2010, A to Z 

A year of pop culture in Arkansas.

Read the hyperlinked, multimedia-enhanced version here.

"Antiquities" Local filmmaker Daniel Campbell, 29, proved Arkansas-made film is in good hands with his deadpan, quirk-fuelled "Antiquities." Clocking in at a brisk 14 minutes, the short follows antique mall scrub Terrence (Jason Thompson, stand-up comedian and drummer for The Reds, in a hilariously awkward role and wig) and his callous, curt boss, Blundale (a scene-stealing Roger Scott), playing hooky from work, landing in strip clubs and urban barbershops and talking about Terrence's object of affection, Marissa (Jennifer Pierce). The film's punchy John Hughes by-way-of Wes Anderson charm helped it land the Charles B. Pierce Award for Best Film Made in Arkansas at the 2010 Little Rock Film Festival and spots in film festivals from Oxford, Miss., to Portland, Ore. And it looks like the auteur-in-training isn't showing any signs of slowing down. Campbell tells us he recently secured $5,100 from 31 backers in order to make his next short, "The Orderly," a Southern Gothic comedy about a psychiatric hospital orderly charged with getting two patients to a home five hours away with only three hours to spare. JT.

Brother Andy "You'll know him when you see him." In some Little Rock music circles, it's a bit of a joke about Andy Warr, the giant, neckbearded young rocker who toes that line between backwoods Syd Barrett and a "foretold" musical Moses for the Little Rock Sound. Since winning the 2010 Arkansas Times Musicians Showcase with his main band, Brother Andy and His Big Damn Mouth, Warr has released his Big Damn Debut in "Mystical Indian Hitmakers," is soon to release "Hell's Angles," the sequel to that album, this New Year's Eve, and has strapped on and plugged in as a regular member of Detroit rockers Sweet Eagle, Dixie metal outfit Iron Tongue and Southern synth-funkers Pilot Whale. As if he wasn't hard enough to miss to begin with, the unmistakable 6'6" redhead made sure he was omnipresent and inexhaustible in 2010, too. He makes us feel lazy. And short. JT.

Country music: Central Arkansas is never going to draw all the big concerts. We're too small and our demographics don't match up with the fanbases of some of the world's biggest pop stars (in other words, sadly, there probably aren't enough of us willing to shell out $50 or more to see Lady Gaga or Kanye). But when it comes to contemporary country, you'd think we were Nashville for the concerts we get. To wit, every winner (and most of the nominees) of this year's Country Music Association Awards played Central Arkansas in 2010 or late 2009. Here's just a sampling of the names who played in 2010: Brad Paisley, Tim McGraw, Brooks and Dunn, George Strait, Reba, Willie Nelson, Randy Travis, Miranda Lambert, Marty Stuart, Lee Ann Womack, Joe Nichols, Darius Rucker, Easton Corbin, Martina McBride, Hank Williams Jr., Trace Adkins, Loretta Lynn, Justin Moore and Gary Allan. LM.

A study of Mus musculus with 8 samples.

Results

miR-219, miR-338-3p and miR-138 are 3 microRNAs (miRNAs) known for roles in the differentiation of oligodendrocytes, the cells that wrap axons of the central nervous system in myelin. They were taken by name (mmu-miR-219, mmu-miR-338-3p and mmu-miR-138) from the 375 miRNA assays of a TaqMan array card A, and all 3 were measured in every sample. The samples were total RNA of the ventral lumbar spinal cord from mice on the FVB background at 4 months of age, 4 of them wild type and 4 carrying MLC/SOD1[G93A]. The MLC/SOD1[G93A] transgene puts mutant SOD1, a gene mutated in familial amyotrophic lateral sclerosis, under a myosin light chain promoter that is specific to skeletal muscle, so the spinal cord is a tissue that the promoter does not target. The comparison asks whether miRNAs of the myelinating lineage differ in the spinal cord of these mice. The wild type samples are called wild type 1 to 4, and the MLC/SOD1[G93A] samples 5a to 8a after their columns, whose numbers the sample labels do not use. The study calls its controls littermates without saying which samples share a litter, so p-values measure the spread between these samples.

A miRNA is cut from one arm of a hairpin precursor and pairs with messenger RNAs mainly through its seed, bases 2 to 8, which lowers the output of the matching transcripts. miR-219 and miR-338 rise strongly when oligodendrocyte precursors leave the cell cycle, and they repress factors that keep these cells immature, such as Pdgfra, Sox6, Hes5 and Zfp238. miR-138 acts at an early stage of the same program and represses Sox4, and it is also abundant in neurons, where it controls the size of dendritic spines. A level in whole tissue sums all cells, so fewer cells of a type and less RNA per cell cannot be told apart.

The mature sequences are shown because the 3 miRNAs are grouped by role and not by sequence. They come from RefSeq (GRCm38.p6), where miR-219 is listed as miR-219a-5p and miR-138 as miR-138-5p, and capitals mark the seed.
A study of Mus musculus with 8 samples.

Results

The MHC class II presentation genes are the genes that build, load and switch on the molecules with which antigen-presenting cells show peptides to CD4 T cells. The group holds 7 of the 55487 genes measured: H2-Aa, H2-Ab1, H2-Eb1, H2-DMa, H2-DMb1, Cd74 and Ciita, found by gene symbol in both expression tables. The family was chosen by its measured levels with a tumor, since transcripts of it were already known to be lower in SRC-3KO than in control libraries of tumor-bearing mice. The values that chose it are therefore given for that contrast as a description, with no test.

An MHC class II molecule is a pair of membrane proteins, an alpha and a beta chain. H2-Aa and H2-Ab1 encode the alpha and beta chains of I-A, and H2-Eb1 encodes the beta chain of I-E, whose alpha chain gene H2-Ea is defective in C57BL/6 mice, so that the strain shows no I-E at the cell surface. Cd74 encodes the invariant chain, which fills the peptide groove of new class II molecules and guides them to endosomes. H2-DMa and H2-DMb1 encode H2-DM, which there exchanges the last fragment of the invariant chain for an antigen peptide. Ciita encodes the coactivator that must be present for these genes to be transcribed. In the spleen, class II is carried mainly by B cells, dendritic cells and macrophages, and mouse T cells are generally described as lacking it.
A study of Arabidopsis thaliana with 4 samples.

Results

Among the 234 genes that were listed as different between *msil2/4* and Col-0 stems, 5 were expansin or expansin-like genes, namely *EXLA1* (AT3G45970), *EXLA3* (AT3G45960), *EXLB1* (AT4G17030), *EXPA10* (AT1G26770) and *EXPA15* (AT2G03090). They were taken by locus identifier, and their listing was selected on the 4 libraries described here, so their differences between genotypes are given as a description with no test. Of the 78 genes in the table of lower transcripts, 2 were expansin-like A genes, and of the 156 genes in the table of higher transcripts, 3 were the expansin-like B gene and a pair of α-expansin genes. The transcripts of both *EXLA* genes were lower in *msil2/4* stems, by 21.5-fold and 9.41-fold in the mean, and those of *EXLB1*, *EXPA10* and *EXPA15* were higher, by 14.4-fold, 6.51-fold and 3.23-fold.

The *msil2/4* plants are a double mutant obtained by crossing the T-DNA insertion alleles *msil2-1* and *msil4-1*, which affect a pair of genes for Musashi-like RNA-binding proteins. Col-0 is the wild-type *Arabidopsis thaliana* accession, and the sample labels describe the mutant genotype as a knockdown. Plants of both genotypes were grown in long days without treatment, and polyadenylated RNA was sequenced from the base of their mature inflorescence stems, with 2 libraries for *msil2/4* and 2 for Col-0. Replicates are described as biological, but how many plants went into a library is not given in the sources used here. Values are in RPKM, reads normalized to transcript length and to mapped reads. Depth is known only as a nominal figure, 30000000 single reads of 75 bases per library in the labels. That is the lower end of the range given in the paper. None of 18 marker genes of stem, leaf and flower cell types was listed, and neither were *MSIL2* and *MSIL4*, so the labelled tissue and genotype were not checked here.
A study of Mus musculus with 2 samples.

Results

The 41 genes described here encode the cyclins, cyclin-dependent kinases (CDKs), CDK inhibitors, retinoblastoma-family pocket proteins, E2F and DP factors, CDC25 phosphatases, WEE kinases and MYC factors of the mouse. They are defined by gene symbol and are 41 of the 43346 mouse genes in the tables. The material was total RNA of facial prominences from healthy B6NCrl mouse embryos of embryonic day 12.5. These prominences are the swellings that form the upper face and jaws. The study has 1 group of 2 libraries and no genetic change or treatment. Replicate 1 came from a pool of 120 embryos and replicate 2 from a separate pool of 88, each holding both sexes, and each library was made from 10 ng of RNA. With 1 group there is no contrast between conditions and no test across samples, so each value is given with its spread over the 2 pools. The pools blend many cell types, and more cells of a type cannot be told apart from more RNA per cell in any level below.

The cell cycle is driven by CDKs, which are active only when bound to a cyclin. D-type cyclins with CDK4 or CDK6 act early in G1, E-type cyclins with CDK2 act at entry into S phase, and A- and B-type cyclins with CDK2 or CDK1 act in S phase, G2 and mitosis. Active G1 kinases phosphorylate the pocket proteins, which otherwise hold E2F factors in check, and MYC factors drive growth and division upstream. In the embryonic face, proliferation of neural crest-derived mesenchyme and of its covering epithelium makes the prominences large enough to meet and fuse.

Dude-tats. Also known as "bro-tats," this local tattoo phenomenon picked up steam in 2010 as more and more local musicians got tattooed variations of Thick Syrup Records head honcho Travis McElroy's bearded silhouette. For his part, McElroy got a massive tattoo of Andy Warr on his chest with the words "In Warr We Trust" floating in a laurel above. Dude-tatter Matt Quin most succinctly captured the motivation behind the trend: "When your brother dies, you get his name tattooed, RIP and that stuff. The way we're doing it celebrates your friends while they're alive. Like, 'I love the shit out of you. I love you so much I'm going to get your name or face tattooed on my body.' "LM.